Motherless Brooklyn by Jonathan Lethem

Read February 2018
Recommended for fans of slow mysteries, great writing
★    ★   ★    ★  1/2

 

What is it about Brooklyn? A Tree Grows in Brooklyn. Joe Pitt in Half the Blood of Brooklyn. Last Exit to Brooklyn. Not to mention a hundred different movies. Something there must spark the imagination, get at the essence of life.

Motherless Brooklyn is one of the most solidly crafted books I’ve read this year. Since it’s the end of February that may not sound like much, so I’ll throw in December and November of 2017 as well. Really, it was just so pleasant to trust in Lethem, with page after page doing fascinating things. I was distrustful at first, I admit; the protagonist has a serious case of Tourette’s Syndrome whiched seemed like an Authorial Big Idea that could go awfully wrong. But it doesn’t. It’s handled with aplomb, with sensitivity, with humor; with an even hand that gives expression to the experience.

“My mouth won’t quit, though mostly I whisper or subvocalize like I’m reading aloud, my Adam’s apple bobbing, jaw muscle beating like a miniature heart under my cheek, the noise suppressed, the words escaping silently, mere ghosts of themselves, husks empty of breath and tone.”

But a man with Tourette’s is not really what this is about, not really. This is a homicide, a mystery which our protagonist, Lionel, feels compelled to solve. Since his teens, Lionel has worked as a small-time muscle for mentor and eventual friend Frank Minna. Lionel and Gerald are supposed to be back-up support for Frank at a meeting. Things go terribly wrong, and the relationships within Minna’s Men become fragile and uncertain.

“Together [the streets] made a crisscrossed game board of Frank Minna’s alliances and enmities, and me and Gil Coney and the other Agency Men were the markers—like Monopoly pieces, I sometimes thought, tin automobiles or terriers (not top hats, surely)—to be moved around that game board. Here on the Upper East Side we were off our customary map, Automobile and Terrier in Candyland—or maybe in the study with Colonel Mustard.”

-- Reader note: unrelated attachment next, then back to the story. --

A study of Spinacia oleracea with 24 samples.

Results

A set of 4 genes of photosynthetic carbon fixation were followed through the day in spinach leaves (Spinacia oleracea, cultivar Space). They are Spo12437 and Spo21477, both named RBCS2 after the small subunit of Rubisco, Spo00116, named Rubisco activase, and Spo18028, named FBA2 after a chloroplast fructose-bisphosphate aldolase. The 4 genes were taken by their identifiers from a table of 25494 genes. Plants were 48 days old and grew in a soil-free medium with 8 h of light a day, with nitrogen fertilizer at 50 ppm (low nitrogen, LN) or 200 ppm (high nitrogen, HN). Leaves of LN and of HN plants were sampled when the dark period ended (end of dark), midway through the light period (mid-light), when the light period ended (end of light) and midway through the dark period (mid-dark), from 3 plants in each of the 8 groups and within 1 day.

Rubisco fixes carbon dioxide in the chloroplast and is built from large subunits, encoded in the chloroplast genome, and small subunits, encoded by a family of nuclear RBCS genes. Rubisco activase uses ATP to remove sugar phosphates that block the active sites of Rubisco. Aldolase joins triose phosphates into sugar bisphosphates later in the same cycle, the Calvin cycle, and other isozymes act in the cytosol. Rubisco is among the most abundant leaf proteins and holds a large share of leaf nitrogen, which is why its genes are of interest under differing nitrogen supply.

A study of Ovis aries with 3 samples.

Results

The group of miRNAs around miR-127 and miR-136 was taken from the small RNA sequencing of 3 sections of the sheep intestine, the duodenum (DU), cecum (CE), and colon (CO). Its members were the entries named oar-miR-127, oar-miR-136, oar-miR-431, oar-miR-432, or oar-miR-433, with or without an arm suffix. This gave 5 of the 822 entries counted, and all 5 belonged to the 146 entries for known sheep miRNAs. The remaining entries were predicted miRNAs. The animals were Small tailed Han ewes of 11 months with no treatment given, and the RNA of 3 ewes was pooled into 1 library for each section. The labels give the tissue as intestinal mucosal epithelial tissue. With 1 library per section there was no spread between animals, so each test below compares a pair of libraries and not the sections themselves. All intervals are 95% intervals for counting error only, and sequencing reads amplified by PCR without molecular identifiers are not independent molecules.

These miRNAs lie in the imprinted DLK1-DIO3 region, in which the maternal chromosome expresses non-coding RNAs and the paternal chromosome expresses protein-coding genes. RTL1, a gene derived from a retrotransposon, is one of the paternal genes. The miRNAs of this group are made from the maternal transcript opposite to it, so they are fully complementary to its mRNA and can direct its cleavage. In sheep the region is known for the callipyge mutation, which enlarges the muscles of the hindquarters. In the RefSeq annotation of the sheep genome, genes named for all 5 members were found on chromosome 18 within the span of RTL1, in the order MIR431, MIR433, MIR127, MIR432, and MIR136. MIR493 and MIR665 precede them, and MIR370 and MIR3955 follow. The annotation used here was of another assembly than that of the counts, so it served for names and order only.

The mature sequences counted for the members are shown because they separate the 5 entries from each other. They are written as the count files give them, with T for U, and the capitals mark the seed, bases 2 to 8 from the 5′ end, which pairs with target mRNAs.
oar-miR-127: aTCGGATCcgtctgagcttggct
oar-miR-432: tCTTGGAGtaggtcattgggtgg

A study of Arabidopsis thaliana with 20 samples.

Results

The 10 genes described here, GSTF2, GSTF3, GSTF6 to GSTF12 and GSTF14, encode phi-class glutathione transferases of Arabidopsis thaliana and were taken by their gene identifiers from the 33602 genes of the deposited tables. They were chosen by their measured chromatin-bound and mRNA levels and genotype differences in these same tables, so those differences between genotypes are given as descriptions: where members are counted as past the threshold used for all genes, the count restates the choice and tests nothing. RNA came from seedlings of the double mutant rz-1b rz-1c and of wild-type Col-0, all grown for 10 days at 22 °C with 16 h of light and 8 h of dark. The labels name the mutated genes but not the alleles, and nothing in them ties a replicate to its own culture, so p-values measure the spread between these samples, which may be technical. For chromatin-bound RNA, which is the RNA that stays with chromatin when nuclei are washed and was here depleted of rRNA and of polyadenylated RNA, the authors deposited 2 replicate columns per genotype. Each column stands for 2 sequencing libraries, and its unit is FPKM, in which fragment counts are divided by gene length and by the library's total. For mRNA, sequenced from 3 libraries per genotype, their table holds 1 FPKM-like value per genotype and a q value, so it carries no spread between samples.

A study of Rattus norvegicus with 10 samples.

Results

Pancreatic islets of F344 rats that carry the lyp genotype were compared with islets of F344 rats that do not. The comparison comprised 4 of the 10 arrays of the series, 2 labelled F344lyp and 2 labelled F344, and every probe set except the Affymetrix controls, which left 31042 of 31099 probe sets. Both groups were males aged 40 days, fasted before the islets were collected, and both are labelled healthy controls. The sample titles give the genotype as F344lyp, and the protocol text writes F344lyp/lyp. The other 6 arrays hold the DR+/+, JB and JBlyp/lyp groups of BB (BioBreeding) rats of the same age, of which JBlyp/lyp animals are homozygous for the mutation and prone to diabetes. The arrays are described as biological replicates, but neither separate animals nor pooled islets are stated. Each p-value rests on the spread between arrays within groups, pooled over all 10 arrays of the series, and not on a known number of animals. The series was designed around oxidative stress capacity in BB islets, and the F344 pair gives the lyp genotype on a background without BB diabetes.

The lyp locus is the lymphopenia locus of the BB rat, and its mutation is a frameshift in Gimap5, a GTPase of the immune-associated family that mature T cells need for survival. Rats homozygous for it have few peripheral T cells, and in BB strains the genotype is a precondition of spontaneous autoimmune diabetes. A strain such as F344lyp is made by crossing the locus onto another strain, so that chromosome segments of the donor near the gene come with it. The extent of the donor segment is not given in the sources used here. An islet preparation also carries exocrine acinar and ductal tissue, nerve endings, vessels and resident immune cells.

Lionel is a likable hero, Tourette’s and all, driven to explain and organize around him. He’s an observant and humorous narrator, and if he is occasionally led around by his id, he’s aware enough to understand it. Communication is, of course, a challenge for Lionel. I was afraid it would always be played for laughs, or worse yet, for pity, but Lethem has a nice balance between the internal thoughts and the external expression that allows for the occasional laughs with him instead of at him.

“My jaw worked, chewing the words back down, keeping silent. Gilbert’s hands gripped the wheel, mine drummed quietly in my lap, tiny hummingbird motions. This is what passed for cool around here.”

I went in expecting a mystery, and Lethem delivers, certainly. But wrapped up in the mystery is a solid, thoughtful portrayal of man who was given the closest thing to family and companionship he ever knew by a low-level mobster. The mobster, in turn, gets much of his own portrayal, at least from Lionel’s viewpoint. It ends up being a bit of a bromance, or a non-jerk example of the ‘dick-fic’ genre (see The Mystic Arts of Erasing All Signs of Death). At one point, I realized with some surprised that I was reading a solid literary-fiction kind of book, with beautiful writing and human drama, wrapped up in a mystery.

“The ashtray on the counter was full of cigarette butts that had been in Minna’s fingers, the telephone log full of his handwriting from earlier in the day. The sandwich on top of the fridge wore his bite marks. We were all four of us an arrangement around a missing centerpiece, as incoherent as a verbless sentence.”

Unlike mystery-thrillers, it isn’t a particularly teeth-clenching, anxiety-producing kind of book (except, perhaps, on behalf of Lionel) that requires one to stay up late to read ‘one more page.’ Yet there’s something quite solid about it, curious, moving, wry and intriguing that let me immerse myself whenever I picked it up. I feel like there’s also solid re-read potential here. In fact, I think I will. Might even be worth adding to my own library. Reminds me of Sara Gran’s Claire DeWitt and the City of the Dead, and that’s high praise indeed. I’ll have to check out The Fortress of Solitude, also by Letham, when I can handle some straight-up lit-fic.

“Assertions are common to me, and they’re also common to detectives…. Ad in detective stories things are always always, the detective casting his exhausted, caustic gaze over the corrupted permanence of everything and thrilling you with his sweetly savage generalizations. This or that runs deep or true to form, is invariable, exemplary. Oh sure. Seen it before, will see it again. Trust me on this one.

Assertions and generalizations are, of course, a version of Tourette’s. A way of touching the world, handling it, covering it with confirming language.”

Four and a half–EatmeBailey–tics, rounding up.


avid reader and Goodreads reviewer looking for a home.